Issue:  Vol. 48 / No. 13 / 29 March 2018

Poltergeist perambulations


Casey Affleck plays a phantom in director David Lowery's "A Ghost Story," opening Friday in the Bay Area. Photo: David Lowery

The story kicks off with a man who has just died returning to his suburban family to comfort his distraught wife, "M" (Rooney Mara). This brand-new ghost, or "C" (played by freshly-minted Oscar winner Casey Affleck), is horrified to discover that his new state of being has left him unstuck in time, forced to watch helplessly as everything he worked for and cherished in his life is quickly swept away.

Our emotionally and spiritually unmoored ghost finds himself starting out on a philosophical journey through memory and history, facing life's ineffable questions and the enormity of existence. A meditation on love and grief, "A Ghost Story" is a unique experience that may, for its fans, linger long after they stumble out of the theater.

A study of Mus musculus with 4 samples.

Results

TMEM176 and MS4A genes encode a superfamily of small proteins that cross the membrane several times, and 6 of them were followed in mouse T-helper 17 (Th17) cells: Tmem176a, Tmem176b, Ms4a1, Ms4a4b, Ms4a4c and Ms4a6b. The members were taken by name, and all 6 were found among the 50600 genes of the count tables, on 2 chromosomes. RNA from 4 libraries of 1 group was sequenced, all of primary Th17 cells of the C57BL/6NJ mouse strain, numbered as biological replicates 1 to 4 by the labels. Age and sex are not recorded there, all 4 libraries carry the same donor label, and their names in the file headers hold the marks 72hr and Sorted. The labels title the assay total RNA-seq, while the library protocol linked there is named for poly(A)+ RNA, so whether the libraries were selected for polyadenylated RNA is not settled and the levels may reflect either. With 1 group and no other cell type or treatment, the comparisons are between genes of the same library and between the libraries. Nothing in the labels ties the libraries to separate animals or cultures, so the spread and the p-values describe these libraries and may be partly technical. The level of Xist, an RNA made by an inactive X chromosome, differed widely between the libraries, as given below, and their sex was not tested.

As a precocious teenager I was fond of TV plays on New York City's brand-new "educational" channel (they hadn't yet coined the brand name "Public TV"), plays like George Bernard Shaw's "Man and Superman," with their dark humor and class-conscious plots. In some ways "A Ghost Story" is a throwback to that type of drama, as illustrated in this scene between C and M.

M: "What is it you like about this house so much?"

C: "History."

"When I was little and we used to move all the time, I'd write these notes and I would fold them up really small. And I would hide them."

"What'd they say?"

"They're just things I wanted to remember so that if I ever wanted to go back, there'd be a piece of me there waiting."

Warning: "A Ghost Story" isn't for all tastes. Those desiring simpler spectral entertainment have two entertaining but worthy alternatives: (1) is the lovely Anthony Minghella-directed 1991 British ghostly comedy "Truly, Mad, Deeply," where a bereaved woman (Juliet Stevenson) discovers that her recently departed husband (a charming Alan Rickman) is haunting their old mansion in the company of some rather odd layabouts. (2) is a terrific 2001 Spanish-set tale, "The Devil's Backbone," where director Guillermo del Toro places sexy teen boys in ghostly peril in a story set during the Spanish Civil War (1936-39).

Meanwhile, "A Ghost Story" delivers upscale chills for the art-house crowd. If that's what you hanker for, this scream is for you.